There’s a universal acceptance of the challenging nature of the situation we currently find ourselves in, so facing grief or heartbreak on top of that is indisputably difficult. Acknowledge the difficulty of the situation, and try to view it as a challenge from the universe. Understand that in time you’ll look back on this with a sense of pride in (and sympathetic disbelief of) how you coped – because you will.
Limited social engagements and commitments outside of the home can be viewed as a negative thing if we simply focus on the distractions we’re missing, but try to focus instead on the extra time you have for active self-care. Indulge in meditations and long baths, in slow breakfasts and losing yourself in novels. Focus on the activities which really nourish you, and understand that taking time for yourself when you’re going through something tough means showing up better for others.
Having said that, while long hot baths and meditations have their merits, sometimes the most nourishing thing is an evening of talking rubbish with your closest friends. While everyone is coping with the challenge of partial-lockdown together, not everyone is going through a personal tragedy right now, and friends exist for the good times and the bad. If your friends don’t know what you’re going through, call them to update them, and they’ll be so glad you did. We all want to be able to support our friends through difficult times, and as social distancing guidelines ease, the chance of a soul-enriching evening of wine and conversation with close friends is becoming more than just a pipe dream.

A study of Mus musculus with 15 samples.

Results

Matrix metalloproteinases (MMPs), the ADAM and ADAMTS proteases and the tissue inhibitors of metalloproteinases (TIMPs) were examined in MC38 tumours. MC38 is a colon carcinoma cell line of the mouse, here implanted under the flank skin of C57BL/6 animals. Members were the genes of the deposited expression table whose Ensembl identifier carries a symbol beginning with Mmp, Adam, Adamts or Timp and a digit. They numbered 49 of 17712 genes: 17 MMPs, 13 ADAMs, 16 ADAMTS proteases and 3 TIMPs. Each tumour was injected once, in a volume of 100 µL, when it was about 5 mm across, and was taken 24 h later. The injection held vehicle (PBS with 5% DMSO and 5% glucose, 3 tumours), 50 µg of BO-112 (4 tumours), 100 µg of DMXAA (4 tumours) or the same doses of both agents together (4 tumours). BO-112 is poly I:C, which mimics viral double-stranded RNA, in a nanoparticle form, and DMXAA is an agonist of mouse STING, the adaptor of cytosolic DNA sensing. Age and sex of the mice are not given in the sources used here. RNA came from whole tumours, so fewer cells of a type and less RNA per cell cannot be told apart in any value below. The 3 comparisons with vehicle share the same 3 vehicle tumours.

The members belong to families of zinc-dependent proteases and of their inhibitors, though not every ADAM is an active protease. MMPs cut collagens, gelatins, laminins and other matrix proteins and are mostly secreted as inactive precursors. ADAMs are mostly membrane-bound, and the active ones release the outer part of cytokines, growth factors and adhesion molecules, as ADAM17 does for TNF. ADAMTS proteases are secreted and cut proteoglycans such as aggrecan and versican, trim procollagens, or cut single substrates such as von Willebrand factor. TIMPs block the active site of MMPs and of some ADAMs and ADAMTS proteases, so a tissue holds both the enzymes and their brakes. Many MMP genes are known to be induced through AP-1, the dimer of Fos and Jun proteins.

We may be going through unprecedented global challenges, but that doesn’t belittle the pain of personal pain. Suffering is relative, and our own biggest challenge is just that in the moment: the biggest challenge. Don’t feel guilty about feeling overcome by personal grief just because the suffering of others at this time may seem greater.
Having been so recently faced with the threat of a global pandemic crippling our health system can be useful in reminding us that in time, even the most terrifying thoughts will pass. Indulge in the pain when you need to, and take comfort in the knowledge that the only constant in life is change.